I started using a Bullet Journal in September, 2019 and today it’s indispensable. Ryder Carroll’s vision for “…a mindfulness practice disguised as a productivity system” hits all of my buttons: Convenient, flexible, accommodating (more on that later), hand-written and personal. Here’s why I’ll be bringing my Bullet Journal (or “Bujo” for short) into 2020.
All you need to adopt the Bullet Journal system is a notebook and a pen. Any notebook and any pen will do. I bought the officially branded Leuchtturm 1917 because, as my daughter would say, I’m so extra. But that’s not necessary. You could get a pocket-sized, spiral bound from the grocery store for two bucks and it will work perfectly. Just number the pages and you’re off.
The Bullet Journal system has the user apply a series of symbols to a list of items (reminiscent of Patrick Rhone’s Dash/Plus System). For example, a “.” signifies an action item, while a “-” indicates reference material that is important but requires no action (Ryder calls these “notes”). Other markings include circles to identify events and an asterisk to highlight important information.
As information comes into your life, you quickly capture it via brief text and the appropriate symbol. The system calls this “rapid logging” and I like it quite a bit. For me, it’s proven to be a speedy way to record meaningful information quickly.
There’s more to the system, but not much. It’s rather bare bones and that’s a big part of the appeal. There’s a “future log” that offers a quick overview of future responsibilities, as well as a formal way to move unfinished tasks over to the next day, next week or next month, which Ryder calls migration.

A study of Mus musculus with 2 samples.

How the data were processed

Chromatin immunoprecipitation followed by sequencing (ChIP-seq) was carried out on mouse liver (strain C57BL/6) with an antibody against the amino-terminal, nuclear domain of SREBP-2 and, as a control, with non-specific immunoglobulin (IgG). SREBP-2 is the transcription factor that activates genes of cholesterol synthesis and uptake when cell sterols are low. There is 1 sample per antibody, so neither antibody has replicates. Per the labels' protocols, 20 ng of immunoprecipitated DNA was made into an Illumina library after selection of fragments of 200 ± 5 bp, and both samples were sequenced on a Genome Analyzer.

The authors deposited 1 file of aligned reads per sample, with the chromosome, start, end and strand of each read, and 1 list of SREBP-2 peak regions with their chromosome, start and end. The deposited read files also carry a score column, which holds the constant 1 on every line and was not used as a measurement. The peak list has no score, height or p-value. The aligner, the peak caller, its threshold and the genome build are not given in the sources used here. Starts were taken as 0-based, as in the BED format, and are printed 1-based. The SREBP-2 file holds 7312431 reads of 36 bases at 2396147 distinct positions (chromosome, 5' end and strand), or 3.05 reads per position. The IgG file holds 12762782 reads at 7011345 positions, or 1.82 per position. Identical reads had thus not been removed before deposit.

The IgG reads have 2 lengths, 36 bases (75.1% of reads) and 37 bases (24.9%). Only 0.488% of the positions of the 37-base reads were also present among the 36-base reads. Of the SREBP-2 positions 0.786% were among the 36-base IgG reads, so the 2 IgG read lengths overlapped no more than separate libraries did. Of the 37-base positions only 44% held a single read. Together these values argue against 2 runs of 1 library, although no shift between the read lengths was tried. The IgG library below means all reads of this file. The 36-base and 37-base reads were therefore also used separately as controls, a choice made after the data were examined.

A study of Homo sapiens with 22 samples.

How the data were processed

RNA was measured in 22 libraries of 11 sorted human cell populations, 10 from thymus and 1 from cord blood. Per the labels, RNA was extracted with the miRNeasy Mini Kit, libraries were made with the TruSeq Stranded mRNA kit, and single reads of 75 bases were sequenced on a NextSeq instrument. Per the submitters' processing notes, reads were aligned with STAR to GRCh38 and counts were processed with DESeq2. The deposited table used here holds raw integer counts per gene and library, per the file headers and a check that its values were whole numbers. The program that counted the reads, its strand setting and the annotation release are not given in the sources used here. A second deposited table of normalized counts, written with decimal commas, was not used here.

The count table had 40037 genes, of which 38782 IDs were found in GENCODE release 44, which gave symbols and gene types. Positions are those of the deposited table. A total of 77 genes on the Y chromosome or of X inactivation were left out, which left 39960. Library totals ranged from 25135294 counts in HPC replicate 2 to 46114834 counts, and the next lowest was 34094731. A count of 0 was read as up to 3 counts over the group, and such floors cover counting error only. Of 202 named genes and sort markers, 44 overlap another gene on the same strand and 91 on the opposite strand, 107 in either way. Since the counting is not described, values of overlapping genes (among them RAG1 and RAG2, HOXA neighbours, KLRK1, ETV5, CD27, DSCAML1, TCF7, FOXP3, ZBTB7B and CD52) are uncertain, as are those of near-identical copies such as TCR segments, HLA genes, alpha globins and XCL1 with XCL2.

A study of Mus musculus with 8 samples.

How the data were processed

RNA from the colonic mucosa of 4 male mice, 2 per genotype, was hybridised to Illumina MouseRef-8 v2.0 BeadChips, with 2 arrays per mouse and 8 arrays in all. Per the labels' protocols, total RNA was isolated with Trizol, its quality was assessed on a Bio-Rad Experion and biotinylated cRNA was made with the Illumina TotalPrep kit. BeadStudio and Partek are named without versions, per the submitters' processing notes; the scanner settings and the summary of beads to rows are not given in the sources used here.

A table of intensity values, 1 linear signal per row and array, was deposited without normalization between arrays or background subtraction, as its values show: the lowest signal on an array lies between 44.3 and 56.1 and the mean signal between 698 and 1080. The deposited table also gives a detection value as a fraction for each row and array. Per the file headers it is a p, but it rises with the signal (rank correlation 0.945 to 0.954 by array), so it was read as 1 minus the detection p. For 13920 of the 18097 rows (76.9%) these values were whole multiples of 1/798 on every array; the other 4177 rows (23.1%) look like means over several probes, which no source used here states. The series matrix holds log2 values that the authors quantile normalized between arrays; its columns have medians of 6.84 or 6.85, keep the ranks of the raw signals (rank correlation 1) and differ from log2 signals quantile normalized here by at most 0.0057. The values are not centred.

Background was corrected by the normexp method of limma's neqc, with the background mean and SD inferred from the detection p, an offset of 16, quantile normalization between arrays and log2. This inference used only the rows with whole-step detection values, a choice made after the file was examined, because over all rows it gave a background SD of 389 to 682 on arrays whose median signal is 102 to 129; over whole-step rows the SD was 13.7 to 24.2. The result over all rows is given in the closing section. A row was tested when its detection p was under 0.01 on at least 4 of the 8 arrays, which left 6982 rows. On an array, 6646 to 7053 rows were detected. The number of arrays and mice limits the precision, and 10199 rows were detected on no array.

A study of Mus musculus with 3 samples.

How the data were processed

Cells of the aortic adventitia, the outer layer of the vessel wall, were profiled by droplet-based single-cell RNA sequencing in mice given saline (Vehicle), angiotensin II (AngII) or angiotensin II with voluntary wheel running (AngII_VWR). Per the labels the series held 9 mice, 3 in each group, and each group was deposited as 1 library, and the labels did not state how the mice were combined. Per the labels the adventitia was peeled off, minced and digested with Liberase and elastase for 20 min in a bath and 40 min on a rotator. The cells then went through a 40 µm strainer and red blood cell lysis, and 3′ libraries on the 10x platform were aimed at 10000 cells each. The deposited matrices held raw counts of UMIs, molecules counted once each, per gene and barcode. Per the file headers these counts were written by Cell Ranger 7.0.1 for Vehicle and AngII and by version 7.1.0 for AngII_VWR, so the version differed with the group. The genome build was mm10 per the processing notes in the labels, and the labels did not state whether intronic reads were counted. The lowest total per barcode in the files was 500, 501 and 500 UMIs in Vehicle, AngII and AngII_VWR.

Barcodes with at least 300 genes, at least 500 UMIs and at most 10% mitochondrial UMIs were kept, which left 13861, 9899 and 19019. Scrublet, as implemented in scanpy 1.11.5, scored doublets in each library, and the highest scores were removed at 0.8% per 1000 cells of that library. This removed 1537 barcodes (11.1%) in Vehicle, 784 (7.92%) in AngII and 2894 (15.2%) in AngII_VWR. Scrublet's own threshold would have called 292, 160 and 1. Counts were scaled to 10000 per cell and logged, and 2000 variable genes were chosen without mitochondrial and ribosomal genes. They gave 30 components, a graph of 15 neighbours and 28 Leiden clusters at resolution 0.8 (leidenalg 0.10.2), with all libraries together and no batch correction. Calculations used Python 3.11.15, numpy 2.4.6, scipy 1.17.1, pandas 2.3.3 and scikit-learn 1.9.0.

Collections are similar to projects, in that it’s a way to keep all relevant information together.
You can dive into all of that here but I want to talk about the one feature that really makes this work for me: the index.
At the start of each journal, set aside several pages for what will become your index. You’ll fill it in as you go.
Really, Dave? You’re this excited about a table of contents?
Oh, yes. This is the way.
When you create a new entry on a page that you’ll want to refer to in the future, write down that page’s title and page number in the index. For example, I’ve got “Mazda Collection” on page 8, and October on page 22. Now, if I need some information on the Mazda, I turn right to page 8. That’s great, but we’re just getting started.
In the image at the right, you’ll see “Jaclyn Collection” says “13, 45.” That collection starts on page 13 and continues on page 45. If you turned to page 13 and looked at the “13” in the lower right-hand corner, you’d see a small “45” written next to it. Likewise, page 45 has a small “13” written in.
“But Dave, why do you have 32 pages between the start and conclusion of that collection?” That’s the whole beauty of this! If I want to start a collection on page 13, then doodle unicorns for nine pages, then do a mind dump on two more pages, then take notes during a meeting and finally list my favorite songs before resuming the Jaclyn collection, I can. No more treating pages like precious objects. No more guessing how many pages I’ll need for something…maybe I’ll need four pages for this? Five? Who knows, who cares. Doesn’t matter.
Best of all, not more flipping around to find anything. Jaclyn collection: Boom, page 13. Unicorn doodles: boom, page 14. Meeting notes, page 21. Mind dump, 23. It’s all in the index.
I love this thing. It’s always with me and it gives me a real sense of confidence that I have what I need and that things aren’t falling through the cracks. I even went and got a fancy Nock case for it (SO EXTRA).
Welcome, 2020. I’m ready with my Bujo.